The Walchsee Region Today

Lying at an altitude of 664 metres above sea level, the municipality of Walchsee is home to 2000 residents and covers a total surface area of 40 km². The municipality is located in the district of Kufstein in the Austrian Federal State of the Tyrol.

  • The lake covers a total surface area of 98 hectares and has a depth of up to 26 m.
  • The lake also contains areas of marshland and the water can reach 25° C in summer.
  • One of the lakes main features is the ‘Schwemm’, at 63 hectares the largest marsh area in the Tyrol and the largest transitional moor in the whole of the Alps.
  • The municipality’s economy is dominated by tourism. Thanks to its excellent location and the wide range of activities on offer, Walchsee is attractive to tourists both in summer and winter.

Story of the Walchsee Region

There is a myth surrounding the origins of the Walchsee Lake. According to legend, the lake was originally called Waldsee (the German word ‘Wald’ meaning ‘forest’) because a beautiful forest used to grow there. Yet, this forest was plagued by arguments and discontentment. One day this quarrelling reached its peak and the earth opened up and swallowed the forest; as the waters flowed over it, the squabbling was put to an end once and for all.

The first mention of Walchsee can found in a document from the nearby Rott monastery dating back to 1073. This document confirms that Walchsee was a ‘vicus romanicus’ (a Roman settlement) inhabited by Romans and their descendants, the Walchen. In 1749 a school was built together with a hermit dwelling at the Ölberg, where the Sedlmayr-Villa is today located. This hermitage remained in existence until 1853. The cave-like form of the grotto can still be seen today in the rocks behind the ‘Sedlmayr-Kapelle’ mountain chapel.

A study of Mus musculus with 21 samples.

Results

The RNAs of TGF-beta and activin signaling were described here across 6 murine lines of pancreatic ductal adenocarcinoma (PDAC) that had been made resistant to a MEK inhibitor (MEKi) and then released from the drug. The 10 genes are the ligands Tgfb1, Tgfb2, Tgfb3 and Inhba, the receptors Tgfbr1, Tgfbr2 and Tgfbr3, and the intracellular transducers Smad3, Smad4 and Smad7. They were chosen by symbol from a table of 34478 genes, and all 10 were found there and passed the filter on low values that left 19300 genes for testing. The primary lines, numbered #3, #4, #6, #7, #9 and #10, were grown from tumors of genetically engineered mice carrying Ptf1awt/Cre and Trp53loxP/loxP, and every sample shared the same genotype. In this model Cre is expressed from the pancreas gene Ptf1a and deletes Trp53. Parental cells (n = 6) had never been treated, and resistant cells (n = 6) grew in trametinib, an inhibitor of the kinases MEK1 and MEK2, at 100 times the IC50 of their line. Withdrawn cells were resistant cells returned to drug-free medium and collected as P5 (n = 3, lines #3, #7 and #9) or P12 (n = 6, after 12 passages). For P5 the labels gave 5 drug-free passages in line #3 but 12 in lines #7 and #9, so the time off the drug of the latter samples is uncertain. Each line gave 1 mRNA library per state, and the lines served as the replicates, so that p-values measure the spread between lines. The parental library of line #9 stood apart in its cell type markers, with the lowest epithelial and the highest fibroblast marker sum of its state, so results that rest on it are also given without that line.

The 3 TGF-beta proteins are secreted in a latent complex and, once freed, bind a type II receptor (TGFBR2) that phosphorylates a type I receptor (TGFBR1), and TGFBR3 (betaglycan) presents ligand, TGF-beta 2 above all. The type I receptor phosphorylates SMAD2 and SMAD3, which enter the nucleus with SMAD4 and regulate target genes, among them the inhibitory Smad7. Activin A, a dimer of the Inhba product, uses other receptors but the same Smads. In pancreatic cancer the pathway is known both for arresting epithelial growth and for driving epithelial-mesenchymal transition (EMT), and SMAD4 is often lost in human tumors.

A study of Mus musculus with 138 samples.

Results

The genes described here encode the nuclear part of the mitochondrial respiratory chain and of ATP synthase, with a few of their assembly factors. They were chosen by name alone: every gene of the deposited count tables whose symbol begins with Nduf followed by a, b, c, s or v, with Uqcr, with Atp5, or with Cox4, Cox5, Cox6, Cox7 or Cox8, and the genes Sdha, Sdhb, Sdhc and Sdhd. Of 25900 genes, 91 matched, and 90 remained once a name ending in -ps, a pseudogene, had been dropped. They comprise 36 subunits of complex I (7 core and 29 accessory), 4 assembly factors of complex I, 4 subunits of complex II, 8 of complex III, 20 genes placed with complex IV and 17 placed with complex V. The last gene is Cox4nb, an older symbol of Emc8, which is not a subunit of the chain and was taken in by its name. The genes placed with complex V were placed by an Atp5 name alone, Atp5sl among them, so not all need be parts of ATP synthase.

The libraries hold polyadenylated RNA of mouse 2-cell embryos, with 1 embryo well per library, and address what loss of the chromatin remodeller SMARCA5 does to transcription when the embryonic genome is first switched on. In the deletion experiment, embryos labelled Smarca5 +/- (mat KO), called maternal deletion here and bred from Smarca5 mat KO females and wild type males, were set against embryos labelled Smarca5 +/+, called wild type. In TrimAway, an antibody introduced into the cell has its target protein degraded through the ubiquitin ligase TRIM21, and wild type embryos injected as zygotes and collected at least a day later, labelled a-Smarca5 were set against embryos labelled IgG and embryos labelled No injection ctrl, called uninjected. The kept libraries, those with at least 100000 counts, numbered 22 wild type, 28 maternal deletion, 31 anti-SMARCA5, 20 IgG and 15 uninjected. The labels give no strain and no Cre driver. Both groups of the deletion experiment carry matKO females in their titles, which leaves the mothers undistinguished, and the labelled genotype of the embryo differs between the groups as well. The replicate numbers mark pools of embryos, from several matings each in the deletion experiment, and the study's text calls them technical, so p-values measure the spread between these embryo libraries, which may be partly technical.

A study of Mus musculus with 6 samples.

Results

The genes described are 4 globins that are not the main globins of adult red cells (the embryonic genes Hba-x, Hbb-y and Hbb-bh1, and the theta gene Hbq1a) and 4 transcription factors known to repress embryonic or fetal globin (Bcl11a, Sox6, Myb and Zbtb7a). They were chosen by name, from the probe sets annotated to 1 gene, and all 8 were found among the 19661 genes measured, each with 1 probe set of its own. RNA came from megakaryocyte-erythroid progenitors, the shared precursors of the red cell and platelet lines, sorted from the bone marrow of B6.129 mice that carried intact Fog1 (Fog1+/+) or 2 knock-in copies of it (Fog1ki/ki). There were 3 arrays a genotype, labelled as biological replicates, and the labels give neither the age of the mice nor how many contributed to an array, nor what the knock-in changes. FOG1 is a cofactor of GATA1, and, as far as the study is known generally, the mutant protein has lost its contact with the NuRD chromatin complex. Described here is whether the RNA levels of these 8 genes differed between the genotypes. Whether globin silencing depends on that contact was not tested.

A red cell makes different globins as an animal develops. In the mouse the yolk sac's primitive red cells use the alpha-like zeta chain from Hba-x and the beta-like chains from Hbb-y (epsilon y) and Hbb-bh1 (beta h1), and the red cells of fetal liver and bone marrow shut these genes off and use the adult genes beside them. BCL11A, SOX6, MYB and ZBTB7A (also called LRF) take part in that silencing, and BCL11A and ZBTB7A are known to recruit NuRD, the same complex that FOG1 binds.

In 1972, the Walchsee region was officially made a municipality by the Tyrolean Regional Government. The municipality’s crest shows a wave breaking from left to right in front of a golden background. The wave on the crest indicates the region’s main feature, the Walchsee Lake, which also gave its name to the surrounding municipality.